Love Technology…Love People More.™
A New Jersey town’s recent ban on texting while walking has captured our attention. Fort Lee, N.J., police will soon begin issuing $85 jaywalking tickets to pedestrians who are spotted texting while walking, according to ABC News.
The decision to ban texting was not a spontaneous one, but rather a legislative reaction to a string of three fatal accidents, all involving pedestrians who were texting while walking.
While some Fort Lee residents are upset with the ban, we think it’s a good way to highlight the dangers of texting while walking – or driving, for that matter.
The ABC News story points to a study by Stony Brook University in New York, which found that texters are 60 percent more likely to veer off course than non-texters, because the act of texting alters their gait when walking. The study also showed that texting interferes with memory.
“We want to raise awareness that a real disruption occurs because of texting,” Eric Lamberg, co-author of the study, told ABC News. “Texting disrupts your ability much more than does talking.”
Jurors’ inability to refrain from posting information about court trials on social media sites like Twitter and Facebook poses a serious threat to the judicial system, with such behavior threatening mistrials and overturned verdicts, according to a recent report in the Wall Street Journal.
In one high-profile case, an accused murderer’s conviction was thrown out after a juror was found to have tweeted about the case on Twitter throughout the trial. The accused on trial, Erickson Dimas-Martinez, was found guilty of murder in March 2010 by an Arkansas jury and sentenced to death for the robbery-murder of a teenager. But in December, the Arkansas Supreme Court set aside the verdict and ordered a new trial – saying a juror who tweeted about the case was guilty of juror misconduct.
In other cases, jurors have been chastised and even held in contempt for “friending” defendants or plaintiffs on Facebook. And this month, a state appeals court in Sacramento, Calif., will hear a motion from defense attorneys in a gang-beating case asking to overturn verdicts against their clients in light of a juror posting information on Facebook during the trial.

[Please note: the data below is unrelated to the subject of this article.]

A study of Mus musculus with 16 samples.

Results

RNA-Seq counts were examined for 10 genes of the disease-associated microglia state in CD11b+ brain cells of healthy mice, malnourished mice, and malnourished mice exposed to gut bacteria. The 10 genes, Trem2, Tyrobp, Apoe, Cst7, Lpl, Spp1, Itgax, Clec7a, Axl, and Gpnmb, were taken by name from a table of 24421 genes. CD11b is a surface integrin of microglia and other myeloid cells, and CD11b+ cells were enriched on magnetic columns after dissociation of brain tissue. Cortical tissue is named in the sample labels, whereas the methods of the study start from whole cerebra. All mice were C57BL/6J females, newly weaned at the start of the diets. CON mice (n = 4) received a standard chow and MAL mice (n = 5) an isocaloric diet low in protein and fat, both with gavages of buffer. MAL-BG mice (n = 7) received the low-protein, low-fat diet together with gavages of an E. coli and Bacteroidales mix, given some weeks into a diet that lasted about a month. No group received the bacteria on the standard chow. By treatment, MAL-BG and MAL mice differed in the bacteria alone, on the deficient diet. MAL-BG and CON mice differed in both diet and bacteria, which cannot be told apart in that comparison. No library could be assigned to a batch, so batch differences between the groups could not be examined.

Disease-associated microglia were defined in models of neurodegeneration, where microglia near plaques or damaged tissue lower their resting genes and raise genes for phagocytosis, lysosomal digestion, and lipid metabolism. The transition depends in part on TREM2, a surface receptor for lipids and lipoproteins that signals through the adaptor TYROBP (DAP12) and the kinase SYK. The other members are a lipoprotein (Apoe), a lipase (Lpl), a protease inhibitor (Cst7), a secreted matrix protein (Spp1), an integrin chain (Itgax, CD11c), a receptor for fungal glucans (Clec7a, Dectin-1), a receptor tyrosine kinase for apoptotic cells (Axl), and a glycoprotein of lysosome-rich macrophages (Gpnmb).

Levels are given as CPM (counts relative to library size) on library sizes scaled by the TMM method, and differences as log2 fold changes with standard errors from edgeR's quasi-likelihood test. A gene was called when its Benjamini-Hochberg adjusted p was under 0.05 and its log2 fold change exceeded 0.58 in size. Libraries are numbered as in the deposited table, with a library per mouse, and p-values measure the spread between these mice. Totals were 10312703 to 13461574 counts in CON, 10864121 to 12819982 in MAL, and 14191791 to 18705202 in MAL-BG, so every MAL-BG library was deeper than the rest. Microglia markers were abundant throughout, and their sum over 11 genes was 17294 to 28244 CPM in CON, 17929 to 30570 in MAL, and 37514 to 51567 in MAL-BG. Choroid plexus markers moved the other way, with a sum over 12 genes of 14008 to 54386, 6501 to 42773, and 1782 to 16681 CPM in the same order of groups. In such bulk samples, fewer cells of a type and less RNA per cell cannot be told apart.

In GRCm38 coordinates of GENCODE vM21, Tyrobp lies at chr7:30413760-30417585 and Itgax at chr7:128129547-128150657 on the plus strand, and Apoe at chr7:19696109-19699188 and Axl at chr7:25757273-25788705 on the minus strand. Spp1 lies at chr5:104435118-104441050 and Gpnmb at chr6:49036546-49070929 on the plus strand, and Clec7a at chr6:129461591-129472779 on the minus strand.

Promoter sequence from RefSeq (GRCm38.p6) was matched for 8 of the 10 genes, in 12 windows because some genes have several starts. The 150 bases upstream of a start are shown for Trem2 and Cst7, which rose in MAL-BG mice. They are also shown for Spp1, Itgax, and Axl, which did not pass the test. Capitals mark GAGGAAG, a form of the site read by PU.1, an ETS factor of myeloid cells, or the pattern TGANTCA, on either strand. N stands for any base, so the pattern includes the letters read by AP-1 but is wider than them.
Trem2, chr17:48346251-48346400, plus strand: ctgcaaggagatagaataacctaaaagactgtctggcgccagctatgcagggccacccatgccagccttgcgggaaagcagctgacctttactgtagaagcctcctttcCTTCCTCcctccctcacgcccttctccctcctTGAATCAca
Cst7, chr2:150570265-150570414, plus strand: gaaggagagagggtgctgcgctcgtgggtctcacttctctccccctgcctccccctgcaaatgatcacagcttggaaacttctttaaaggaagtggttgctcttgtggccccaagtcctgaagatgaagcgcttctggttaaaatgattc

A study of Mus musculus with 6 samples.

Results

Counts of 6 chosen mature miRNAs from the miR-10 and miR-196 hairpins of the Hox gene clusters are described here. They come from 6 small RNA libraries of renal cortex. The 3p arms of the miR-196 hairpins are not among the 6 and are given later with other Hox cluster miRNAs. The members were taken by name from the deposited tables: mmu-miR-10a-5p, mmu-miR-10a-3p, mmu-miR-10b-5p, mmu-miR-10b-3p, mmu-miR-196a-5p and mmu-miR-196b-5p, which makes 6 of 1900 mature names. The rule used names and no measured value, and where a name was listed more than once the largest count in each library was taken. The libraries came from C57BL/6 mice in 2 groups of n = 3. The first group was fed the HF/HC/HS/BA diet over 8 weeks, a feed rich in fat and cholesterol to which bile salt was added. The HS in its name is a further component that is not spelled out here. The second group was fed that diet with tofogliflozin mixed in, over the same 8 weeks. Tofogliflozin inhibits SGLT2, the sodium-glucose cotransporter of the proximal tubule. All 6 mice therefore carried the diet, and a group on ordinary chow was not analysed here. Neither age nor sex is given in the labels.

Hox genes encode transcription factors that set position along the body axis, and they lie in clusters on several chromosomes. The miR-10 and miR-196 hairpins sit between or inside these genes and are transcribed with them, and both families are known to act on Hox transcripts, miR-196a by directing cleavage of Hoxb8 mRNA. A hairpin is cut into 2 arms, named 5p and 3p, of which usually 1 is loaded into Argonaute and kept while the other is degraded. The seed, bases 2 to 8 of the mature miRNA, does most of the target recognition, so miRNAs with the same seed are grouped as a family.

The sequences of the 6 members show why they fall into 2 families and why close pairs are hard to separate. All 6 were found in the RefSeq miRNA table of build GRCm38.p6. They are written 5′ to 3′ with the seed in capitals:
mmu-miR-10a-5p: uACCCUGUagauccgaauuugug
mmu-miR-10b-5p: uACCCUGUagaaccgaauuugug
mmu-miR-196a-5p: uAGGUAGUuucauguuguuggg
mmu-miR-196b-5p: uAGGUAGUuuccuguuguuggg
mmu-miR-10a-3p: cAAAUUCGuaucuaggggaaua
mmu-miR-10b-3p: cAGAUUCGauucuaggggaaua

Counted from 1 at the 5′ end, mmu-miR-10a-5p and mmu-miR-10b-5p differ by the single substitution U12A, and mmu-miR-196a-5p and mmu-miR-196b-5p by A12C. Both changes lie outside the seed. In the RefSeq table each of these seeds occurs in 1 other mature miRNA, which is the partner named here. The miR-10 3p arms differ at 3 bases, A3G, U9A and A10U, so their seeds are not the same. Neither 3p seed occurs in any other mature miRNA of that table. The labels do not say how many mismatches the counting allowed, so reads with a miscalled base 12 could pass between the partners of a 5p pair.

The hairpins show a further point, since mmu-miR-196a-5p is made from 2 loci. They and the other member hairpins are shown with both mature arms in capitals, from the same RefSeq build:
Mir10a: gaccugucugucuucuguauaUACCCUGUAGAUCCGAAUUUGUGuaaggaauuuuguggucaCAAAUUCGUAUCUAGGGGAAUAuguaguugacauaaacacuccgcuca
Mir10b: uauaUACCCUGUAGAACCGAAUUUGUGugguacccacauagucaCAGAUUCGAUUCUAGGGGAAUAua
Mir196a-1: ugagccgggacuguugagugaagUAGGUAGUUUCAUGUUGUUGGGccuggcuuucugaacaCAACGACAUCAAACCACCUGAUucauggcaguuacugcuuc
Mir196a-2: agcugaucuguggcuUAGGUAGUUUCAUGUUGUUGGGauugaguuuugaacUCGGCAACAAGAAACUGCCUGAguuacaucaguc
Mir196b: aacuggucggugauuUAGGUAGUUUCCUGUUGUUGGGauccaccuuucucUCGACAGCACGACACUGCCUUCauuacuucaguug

Judges typically request that jurors refrain from posting online information about cases they are hearing. The judges are concerned about what jurors may say when they tweet or post, fearing that the jurors may reveal a bias about the case or disclose information that has not yet been made public.
But, while courts routinely impose social media bans on jurors during trials, it is proving quite a challenge to enforce these bans. The Wall Street Journal observes: “At a time when authorities can’t even stop some people from risking their lives by sending text messages while driving,” getting jurors to restrict their social media use is proving a particularly difficult feat.
Does being plugged in 24/7 make for a better employee?
Not necessarily. According to Time.com, employers are encouraging their employees to find a better work-life balance by taking a break from being constantly connected.
In a recent article, “Why Companies Should Force Employees to Unplug,” the online news magazine cited companies ranging from Atos and Duetsche Telekom to Google and Volkswagen, which have recently adopted measures to get their employees to unplug from technology. Volkswagen, for example, deactivates emails on German staff BlackBerries during non-office hours and limits the transmission of work-related emails during non-work hours. Google famously insists its employees unplug for portions of their workweek, the better to stir creative juices.
But employers are motivated by more than altruism, says Time. The news magazine noted a 2009 Stanford University study, which found that people who are constantly exposed to electronic information don’t pay attention as well or switch from task to task as well as those who prefer to complete one task at a time.
“There’s no priority structure. Everything is urgent. Everything is red flagged,” Nancy Rothbard, a Wharton management professor, told Time.com. As a result, activities that require a great deal of focus — like decision making or writing — get short shrift.
The ability to focus is not all that suffers from our constant connection to technology. Time.com cited numerous studies showing that psychological detachment is important to employees’ health and well being, as well as stress reduction. This well being, in turn, translates to fewer sick days and lower healthcare costs for employers.
Another study by the Harvard Business School found that study participants who were encouraged to engage in regular downtime while carrying out a high-pressure project reported greater job satisfaction, were more likely to envision a long-term career with their firm, and experienced a better work-life balance than those who did not participate in the study.
These are all compelling reasons employees to unplug and reconnect — and for their employers to support them while they’re doing it.